Daniel Collins, a native of Ireland with a physics degree from Trinity College in Dublin, dreamed up FitPetz last fall in order to participate in the Mendoza College of Business’s Ideas Challenge. Now the application, aimed at motivating children to more active play by linking it to their favorite videogames, is on the way to commercialization.
FitPetz is an extracurricular activity for Collins, whose ESTEEM capstone thesis involves CNVRS, a mobile app that functions as a platform for more structured social conversations than the free-for-all of Twitter. The app applies an algorithm to users’ interests in order to alert them to conversations on the topic. Collins has joined the CNVRS team.
“I’ve been working on things that are hardware and software,” he says. “I know the physics is useful to give you a good understanding of software, problem-solving, technical skills.I’ve spent a lot of this year mainly focused on the business stuff, which has really opened my eyes.”
Collins heard about ESTEEM when he roomed with a Notre Dame student during a summer research program in Cork. “It looked like a great program to me – a combination of technology and entrepreneurship,” he says. “The whole thing about the ESTEEM program is using technology to have a social impact.”
FitPetz, developed with ESTEEM classmate Finn Pegler, aims to impact the health of children by transforming couch-sitters’ videogaming into a reason for playing hard. The activity tracker, a sort of smartwatch with a color screen, uses their personal avatar, and the company is working with videogame makers to build in opportunities to earn level-advancing gain points by playing outside.
“When the kid is more active, the character will be shown to be more happy and active,” Collins says. “When they’re less active, the character will be bored,” maybe sending a message urging them to go outside. “The more active the kid is, the more activity points they can earn to unlock new levels and gain rewards in games they enjoy. They’ll be able to gather these points by going outside. They can level up rather than just playing the game for hours.”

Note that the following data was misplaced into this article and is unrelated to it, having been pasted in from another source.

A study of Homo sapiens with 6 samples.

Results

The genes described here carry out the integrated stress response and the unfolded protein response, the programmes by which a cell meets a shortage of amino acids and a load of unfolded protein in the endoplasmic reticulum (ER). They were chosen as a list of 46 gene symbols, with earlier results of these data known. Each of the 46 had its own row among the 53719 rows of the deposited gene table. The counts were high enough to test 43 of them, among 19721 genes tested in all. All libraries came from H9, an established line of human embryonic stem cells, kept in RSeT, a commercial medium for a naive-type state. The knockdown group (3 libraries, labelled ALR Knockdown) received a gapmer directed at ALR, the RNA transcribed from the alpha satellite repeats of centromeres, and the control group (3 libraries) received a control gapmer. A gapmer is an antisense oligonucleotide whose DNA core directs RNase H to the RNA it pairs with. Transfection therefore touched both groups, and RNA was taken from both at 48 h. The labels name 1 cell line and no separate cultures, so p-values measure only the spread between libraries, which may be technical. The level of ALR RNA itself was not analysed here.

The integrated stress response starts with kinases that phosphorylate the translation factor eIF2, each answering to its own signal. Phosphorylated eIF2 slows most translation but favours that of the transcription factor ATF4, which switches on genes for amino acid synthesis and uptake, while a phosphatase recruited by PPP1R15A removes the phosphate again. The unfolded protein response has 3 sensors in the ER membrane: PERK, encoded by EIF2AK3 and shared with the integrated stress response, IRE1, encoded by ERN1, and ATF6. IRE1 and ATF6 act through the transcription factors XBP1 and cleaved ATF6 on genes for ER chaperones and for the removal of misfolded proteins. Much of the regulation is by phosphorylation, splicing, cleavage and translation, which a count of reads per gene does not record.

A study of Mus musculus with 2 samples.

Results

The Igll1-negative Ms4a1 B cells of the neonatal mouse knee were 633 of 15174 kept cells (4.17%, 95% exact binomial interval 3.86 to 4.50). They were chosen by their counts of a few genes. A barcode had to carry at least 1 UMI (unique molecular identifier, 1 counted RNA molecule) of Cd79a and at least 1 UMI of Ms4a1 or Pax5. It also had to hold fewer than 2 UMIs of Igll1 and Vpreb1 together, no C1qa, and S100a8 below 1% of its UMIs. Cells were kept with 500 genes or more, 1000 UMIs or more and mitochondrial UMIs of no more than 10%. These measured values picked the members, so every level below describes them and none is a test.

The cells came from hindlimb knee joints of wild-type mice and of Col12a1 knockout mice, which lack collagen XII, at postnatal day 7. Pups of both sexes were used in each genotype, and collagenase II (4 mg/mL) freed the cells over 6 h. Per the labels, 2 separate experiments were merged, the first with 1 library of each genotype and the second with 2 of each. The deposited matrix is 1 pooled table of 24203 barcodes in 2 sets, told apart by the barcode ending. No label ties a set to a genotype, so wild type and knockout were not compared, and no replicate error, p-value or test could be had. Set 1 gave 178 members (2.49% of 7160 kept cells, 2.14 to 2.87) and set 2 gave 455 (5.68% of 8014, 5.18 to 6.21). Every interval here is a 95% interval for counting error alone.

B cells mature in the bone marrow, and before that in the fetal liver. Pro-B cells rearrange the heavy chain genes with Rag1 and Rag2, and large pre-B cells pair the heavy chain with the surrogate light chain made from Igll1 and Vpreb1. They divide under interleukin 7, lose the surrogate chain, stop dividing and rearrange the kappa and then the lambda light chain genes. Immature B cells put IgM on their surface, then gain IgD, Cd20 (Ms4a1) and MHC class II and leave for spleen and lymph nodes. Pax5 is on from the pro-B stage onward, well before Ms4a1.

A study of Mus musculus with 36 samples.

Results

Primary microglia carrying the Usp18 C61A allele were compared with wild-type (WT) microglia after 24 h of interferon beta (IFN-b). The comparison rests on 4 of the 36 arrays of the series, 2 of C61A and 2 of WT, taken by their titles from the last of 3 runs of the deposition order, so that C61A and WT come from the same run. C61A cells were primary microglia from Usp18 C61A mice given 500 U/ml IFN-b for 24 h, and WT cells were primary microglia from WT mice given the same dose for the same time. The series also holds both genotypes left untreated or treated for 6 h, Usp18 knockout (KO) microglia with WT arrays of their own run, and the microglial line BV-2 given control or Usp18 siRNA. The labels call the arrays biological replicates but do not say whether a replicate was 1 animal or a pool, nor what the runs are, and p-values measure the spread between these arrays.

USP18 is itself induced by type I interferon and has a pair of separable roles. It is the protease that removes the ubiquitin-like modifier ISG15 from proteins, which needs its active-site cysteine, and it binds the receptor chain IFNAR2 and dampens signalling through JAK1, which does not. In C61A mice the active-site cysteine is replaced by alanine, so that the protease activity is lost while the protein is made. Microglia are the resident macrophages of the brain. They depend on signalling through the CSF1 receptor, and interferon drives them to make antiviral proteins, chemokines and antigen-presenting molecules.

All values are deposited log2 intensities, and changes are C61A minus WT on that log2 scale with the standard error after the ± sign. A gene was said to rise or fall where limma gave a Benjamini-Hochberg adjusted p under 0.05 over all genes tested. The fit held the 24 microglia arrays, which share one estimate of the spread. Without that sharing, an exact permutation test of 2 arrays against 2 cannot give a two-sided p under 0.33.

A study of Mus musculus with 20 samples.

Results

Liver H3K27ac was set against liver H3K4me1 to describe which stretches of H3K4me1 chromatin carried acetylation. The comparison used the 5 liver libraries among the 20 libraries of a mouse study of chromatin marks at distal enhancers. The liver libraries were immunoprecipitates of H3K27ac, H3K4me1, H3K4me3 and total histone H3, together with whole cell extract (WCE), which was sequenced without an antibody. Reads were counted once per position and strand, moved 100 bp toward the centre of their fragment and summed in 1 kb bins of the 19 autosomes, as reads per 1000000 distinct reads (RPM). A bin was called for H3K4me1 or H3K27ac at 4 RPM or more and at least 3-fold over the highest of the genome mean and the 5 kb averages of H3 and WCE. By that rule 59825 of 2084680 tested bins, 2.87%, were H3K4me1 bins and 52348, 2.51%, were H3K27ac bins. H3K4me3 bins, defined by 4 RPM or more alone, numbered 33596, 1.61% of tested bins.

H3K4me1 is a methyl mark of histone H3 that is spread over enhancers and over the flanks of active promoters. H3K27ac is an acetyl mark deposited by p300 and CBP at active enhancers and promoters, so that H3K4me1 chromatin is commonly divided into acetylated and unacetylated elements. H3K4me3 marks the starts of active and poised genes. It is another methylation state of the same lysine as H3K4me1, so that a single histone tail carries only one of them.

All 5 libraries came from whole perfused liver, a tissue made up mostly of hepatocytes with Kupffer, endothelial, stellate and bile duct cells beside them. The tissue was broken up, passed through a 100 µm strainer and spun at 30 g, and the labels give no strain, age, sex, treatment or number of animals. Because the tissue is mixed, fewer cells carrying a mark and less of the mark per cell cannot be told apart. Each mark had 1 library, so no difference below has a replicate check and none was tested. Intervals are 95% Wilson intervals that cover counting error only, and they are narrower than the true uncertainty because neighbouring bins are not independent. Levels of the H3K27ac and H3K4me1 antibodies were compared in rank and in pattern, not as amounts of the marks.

FitPetz team of advisors includes a computer science professor who has helped launch startups, a Silicon Valley advisor who runs a hardware accelerator, an engineering professor who has done product development and marketing, and a Notre Dame research associate who is an expert at industrial design. A Silicon Valley company has approached the company about partnering and building in access to FitPetz’s games.
Collins and Pegler, who has an engineering background, interviewed parents and children to gauge the market. “We came up with the idea from talking with parents and kids about what drives them,” he says. Children are using online games and apps. They love them. Parents are looking for a negotiating tool to get kids outside to play more. Over the last 6 months, there’s been a lot of work by other companies in this area. It is a market that is starting to take off.”
The partners recently added an anthropology expert to help improve the device’s effectiveness. “We’re hoping she can give us some insight on how to motivate kids,” Collins says. “The psychology for the motivation for kids is very different from that of an adult.”